We wanted to ensure that people with heart and circulatory disease received a collaborative care and support planning consultation. One that focused on what was important to them and supported them to learn more about their condition and access community-based services and activities to help them achieve their goals.
- introduce care and support planning into routine care
- change local care pathways for heart and circulatory diseases, driven by care and support planning
- encourage practices to build relationships with local community and voluntary services to provide a wider range of activities that support people to self-manage their condition(s)
The ambition was that in the long term people with heart and circulatory conditions would be supported more effectively in the community, and that care and support planning would become the routine experience of care.
Throughout the programme we followed the journey of staff and stakeholders at each site as they introduced care and support planning and captured lessons learnt. Initially, the programme was intended to run for two years but was extended to allow more time for sites to make and embed the necessary changes for success.
More detailed information about the establishment and operation of the programme is included in the ICF evaluation report [PDF].
The final evaluation in March 2018 included a mixture of self assessment by sites and participant interviews and questionnaires. These included people with LTCs, general practitioners (GPs), nurses, pharmacists, healthcare assistants (HCAs), project managers, practice managers, receptionists, clinical commissioners and other service providers.
Through its evaluation we hope to highlight the benefits and challenges of using the House of Care framework to share learning with other health communities considering adopting the care and support planning approach.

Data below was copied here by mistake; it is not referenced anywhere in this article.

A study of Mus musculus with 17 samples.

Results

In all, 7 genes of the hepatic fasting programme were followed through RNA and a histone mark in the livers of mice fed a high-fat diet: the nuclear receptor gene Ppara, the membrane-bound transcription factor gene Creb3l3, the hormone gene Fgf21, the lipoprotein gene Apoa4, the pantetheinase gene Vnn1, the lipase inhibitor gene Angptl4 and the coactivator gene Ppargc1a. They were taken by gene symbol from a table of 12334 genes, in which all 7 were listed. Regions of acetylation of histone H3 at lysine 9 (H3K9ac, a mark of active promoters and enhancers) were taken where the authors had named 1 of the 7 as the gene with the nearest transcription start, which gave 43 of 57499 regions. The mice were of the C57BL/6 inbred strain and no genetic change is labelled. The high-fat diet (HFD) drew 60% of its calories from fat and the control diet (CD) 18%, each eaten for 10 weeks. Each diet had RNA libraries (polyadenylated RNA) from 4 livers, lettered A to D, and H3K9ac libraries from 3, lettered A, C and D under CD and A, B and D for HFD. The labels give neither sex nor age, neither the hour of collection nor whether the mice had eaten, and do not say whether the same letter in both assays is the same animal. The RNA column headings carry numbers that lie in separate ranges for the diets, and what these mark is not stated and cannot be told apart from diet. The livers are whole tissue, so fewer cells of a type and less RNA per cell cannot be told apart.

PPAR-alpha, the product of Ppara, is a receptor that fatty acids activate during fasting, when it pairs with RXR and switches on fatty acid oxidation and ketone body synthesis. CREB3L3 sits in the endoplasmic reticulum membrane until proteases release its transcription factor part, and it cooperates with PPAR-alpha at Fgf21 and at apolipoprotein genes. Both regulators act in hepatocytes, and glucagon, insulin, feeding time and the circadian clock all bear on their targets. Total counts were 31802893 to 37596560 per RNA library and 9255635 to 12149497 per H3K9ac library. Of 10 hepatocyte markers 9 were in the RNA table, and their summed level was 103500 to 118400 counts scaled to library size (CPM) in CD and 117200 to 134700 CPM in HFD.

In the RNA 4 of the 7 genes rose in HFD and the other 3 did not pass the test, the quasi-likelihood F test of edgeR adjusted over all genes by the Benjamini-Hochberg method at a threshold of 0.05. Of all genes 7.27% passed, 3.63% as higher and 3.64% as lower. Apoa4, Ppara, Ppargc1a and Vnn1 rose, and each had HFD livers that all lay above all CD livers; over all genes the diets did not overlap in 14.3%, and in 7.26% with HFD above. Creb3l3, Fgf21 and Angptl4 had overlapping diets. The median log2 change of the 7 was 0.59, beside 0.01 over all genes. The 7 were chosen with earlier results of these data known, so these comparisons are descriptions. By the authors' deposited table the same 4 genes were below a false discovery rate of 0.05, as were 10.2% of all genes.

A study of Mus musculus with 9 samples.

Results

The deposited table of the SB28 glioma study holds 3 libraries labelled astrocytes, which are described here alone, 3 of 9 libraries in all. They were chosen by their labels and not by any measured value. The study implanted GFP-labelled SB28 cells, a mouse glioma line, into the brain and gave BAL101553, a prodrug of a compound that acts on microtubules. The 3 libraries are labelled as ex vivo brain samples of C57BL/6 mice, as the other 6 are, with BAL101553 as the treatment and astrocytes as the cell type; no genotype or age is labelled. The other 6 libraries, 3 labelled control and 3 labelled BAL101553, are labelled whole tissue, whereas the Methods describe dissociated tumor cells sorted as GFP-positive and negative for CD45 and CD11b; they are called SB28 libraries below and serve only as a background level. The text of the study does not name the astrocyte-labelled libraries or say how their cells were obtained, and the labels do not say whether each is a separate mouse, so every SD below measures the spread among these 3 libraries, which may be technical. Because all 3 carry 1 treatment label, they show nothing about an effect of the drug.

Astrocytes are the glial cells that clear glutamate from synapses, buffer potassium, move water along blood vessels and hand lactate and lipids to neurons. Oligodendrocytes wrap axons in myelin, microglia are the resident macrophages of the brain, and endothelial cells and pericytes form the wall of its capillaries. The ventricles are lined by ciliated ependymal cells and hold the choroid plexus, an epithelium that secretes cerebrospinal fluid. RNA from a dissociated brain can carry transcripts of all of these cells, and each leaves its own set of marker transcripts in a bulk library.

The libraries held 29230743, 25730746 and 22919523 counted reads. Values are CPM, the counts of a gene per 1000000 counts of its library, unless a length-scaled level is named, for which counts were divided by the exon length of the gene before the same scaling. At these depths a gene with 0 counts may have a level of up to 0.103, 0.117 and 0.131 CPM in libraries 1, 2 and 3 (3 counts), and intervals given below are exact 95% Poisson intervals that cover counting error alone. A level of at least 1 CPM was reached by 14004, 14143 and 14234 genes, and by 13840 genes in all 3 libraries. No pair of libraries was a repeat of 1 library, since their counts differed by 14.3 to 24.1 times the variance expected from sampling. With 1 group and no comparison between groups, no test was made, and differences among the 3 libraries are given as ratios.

Our pilot sites
The five pilot sites in the House of Care programme were selected because they serve populations with some of the highest levels of deprivation and deaths from heart and circulatory conditions in the UK.
NHS Hardwick CCG
Covers 100,000 people living in some of the most disadvantaged areas of Derbyshire. The area has higher rates of heart attack, heart failure admissions and stroke admissions than the East Midlands average.
NHS Newcastle Gateshead CCG*
Serves a population of 525,000 with high levels of deprivation, unemployment and a growing elderly population. Death rates from circulatory diseases are much higher than the England average.
NHS Greater Glasgow and Clyde
Serves a population of 1.2 million, with around 240 GP practices. Around 35% of under-75s in this area live in some of the most deprived areas of the UK. The population is more elderly than the Scottish average and has poorer life expectancy and greater mortality rates for coronary heart disease.
Serves a growing and aging population of 850,000, with the number of over-75s expected to increase by 22% between 2013 and 2020. Obesity, poor diet, limited physical activity and high smoking rates are major challenges.
Serves around 170,000 people in the urban area of Dundee. The population is older and has shorter life expectancy than the Scotland average.
Scottish Government and the Health and Social Care Alliance Scotland have funded and supported two further Scottish House of Care sites.
*Gateshead and Newcastle CCGs merged in 2015. The evaluation focuses only on work in Gateshead as this was a single site at the time of funding.
Source: Data was provided by sites at a programme launch event in March 2015 and reflects the picture on the ground when funding commenced in 2015.
Putting people at the heart of their care
Our publication describes the aims, outcomes, evidence and lessons learnt for future implementation from the BHF House of Care programme.